DUMPED – Brands after a celebrity endorsement breakup
If it all goes wrong the process of dropping a personality can give the brand a morale backbone that would not otherwise be visible, say brand experts.
November 1, 2012 2:50 by M. Aldalou
Lucy Queenborough, Executive Adviser at Brash brands adds more to the point. “In the age of celebrity culture and throw-away media, every day we are presented with famous faces getting it wrong. And, because of this I think the general public is more forgiving about petty misdemeanors, and would be hard pushed to discontinue their customer loyalty based on who the face of the brand is,” she says.
Preventative measures or should brands do nothing?
“People are people, whether they are celebrities or not and this means they are fallible,” continues Brash. “Therefore if you use brand ambassadors you must be prepared for an almost inevitable scandal.”
Duncan Daines, described as an expert in eliciting powerful behavioural responses to brand strategies, says the benefits almost certainly outweigh the downside. “For most brands the issue of whether to use celebrity endorsement is a non-issue. Jumeirah have benefited immensely from the ‘Rory’ effect, regardless of the highs and lows of his performance on the course. In the grand scheme of things endorsements are low risk ways of creating profile. If it all goes wrong the process of dropping a personality can give the brand a morale backbone that would not otherwise be visible. The one thing to remember is the brand is always bigger and has greater longevity, than the star.”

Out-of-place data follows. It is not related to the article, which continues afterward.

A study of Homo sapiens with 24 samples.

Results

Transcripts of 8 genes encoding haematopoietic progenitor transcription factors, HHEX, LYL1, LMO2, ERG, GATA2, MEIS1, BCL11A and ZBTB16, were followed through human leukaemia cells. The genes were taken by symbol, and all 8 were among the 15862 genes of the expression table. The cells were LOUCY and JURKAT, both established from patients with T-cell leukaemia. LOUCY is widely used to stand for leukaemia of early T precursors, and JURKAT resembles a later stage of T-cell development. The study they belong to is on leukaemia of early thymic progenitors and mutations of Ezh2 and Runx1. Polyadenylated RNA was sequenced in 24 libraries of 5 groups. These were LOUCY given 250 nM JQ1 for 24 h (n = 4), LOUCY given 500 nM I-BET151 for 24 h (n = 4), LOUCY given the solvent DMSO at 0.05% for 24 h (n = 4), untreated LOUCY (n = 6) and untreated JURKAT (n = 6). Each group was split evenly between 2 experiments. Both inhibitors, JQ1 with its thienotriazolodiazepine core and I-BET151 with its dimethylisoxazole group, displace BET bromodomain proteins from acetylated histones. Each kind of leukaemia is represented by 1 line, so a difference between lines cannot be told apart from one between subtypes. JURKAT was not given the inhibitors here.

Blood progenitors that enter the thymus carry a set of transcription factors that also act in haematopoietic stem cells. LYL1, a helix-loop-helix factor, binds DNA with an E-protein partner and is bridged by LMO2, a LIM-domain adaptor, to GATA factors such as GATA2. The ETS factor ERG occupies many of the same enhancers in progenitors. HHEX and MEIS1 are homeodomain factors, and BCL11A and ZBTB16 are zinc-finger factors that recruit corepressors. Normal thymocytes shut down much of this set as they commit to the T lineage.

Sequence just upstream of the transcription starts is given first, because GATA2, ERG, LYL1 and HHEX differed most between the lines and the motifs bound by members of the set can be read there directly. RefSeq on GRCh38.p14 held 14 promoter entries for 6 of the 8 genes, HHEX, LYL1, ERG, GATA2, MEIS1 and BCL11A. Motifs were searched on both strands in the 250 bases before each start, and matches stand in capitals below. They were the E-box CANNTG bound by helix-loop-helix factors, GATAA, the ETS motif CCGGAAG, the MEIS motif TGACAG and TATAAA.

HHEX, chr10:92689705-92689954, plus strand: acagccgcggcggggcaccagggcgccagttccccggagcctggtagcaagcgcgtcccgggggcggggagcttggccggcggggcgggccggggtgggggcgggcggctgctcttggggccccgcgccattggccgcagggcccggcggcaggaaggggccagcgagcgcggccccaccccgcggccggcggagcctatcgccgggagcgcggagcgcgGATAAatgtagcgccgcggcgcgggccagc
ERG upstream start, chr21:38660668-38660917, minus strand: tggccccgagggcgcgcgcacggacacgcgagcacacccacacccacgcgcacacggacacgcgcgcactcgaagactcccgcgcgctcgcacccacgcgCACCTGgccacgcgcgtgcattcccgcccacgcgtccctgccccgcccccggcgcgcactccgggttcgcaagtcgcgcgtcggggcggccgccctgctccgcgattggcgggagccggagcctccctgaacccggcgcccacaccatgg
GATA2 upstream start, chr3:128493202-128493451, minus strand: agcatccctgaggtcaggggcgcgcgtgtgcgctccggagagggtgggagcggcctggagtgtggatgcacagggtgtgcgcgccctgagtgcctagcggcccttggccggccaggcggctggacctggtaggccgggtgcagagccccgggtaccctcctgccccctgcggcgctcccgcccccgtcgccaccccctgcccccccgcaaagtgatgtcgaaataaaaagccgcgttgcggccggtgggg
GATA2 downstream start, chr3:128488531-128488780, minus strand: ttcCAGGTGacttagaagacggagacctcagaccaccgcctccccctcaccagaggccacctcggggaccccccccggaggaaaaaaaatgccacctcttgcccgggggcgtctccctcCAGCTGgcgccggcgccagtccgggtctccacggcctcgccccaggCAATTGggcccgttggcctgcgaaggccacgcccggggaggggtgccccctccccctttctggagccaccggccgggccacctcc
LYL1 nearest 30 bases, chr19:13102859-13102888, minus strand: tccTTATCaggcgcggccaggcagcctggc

Lucy Queenborough continues: “It appears that no-one is safe from a potential fall-out in the public eye and clearly brand managers the world-over will be questioning whether their ‘face’ is as angelic as they think. In the last few years, ambassadors seem to have shifted from the real world to fantasy. More and more, we notice product placement and endorsement on our television sets and on the big screen.
So what’s the theme here? Do celebrity endorsements really work?
“The simple answer is yes,” concludes Griffin. “However, in the world of celebrity, organisations should carefully consider the risk of allowing anyone to publicly endorse their brand. The media is everywhere; and we all have cameras on our cell-phones and are looking for any opportunity to catch a celebrity in the act.”
Brands can supercharge awareness in their products by paying for and seeking celebrity endorsement as long as they are prepared for the outcome, both positive and negative. The brand very rarely loses because especially in most cases; the brand is bigger than the celebrity.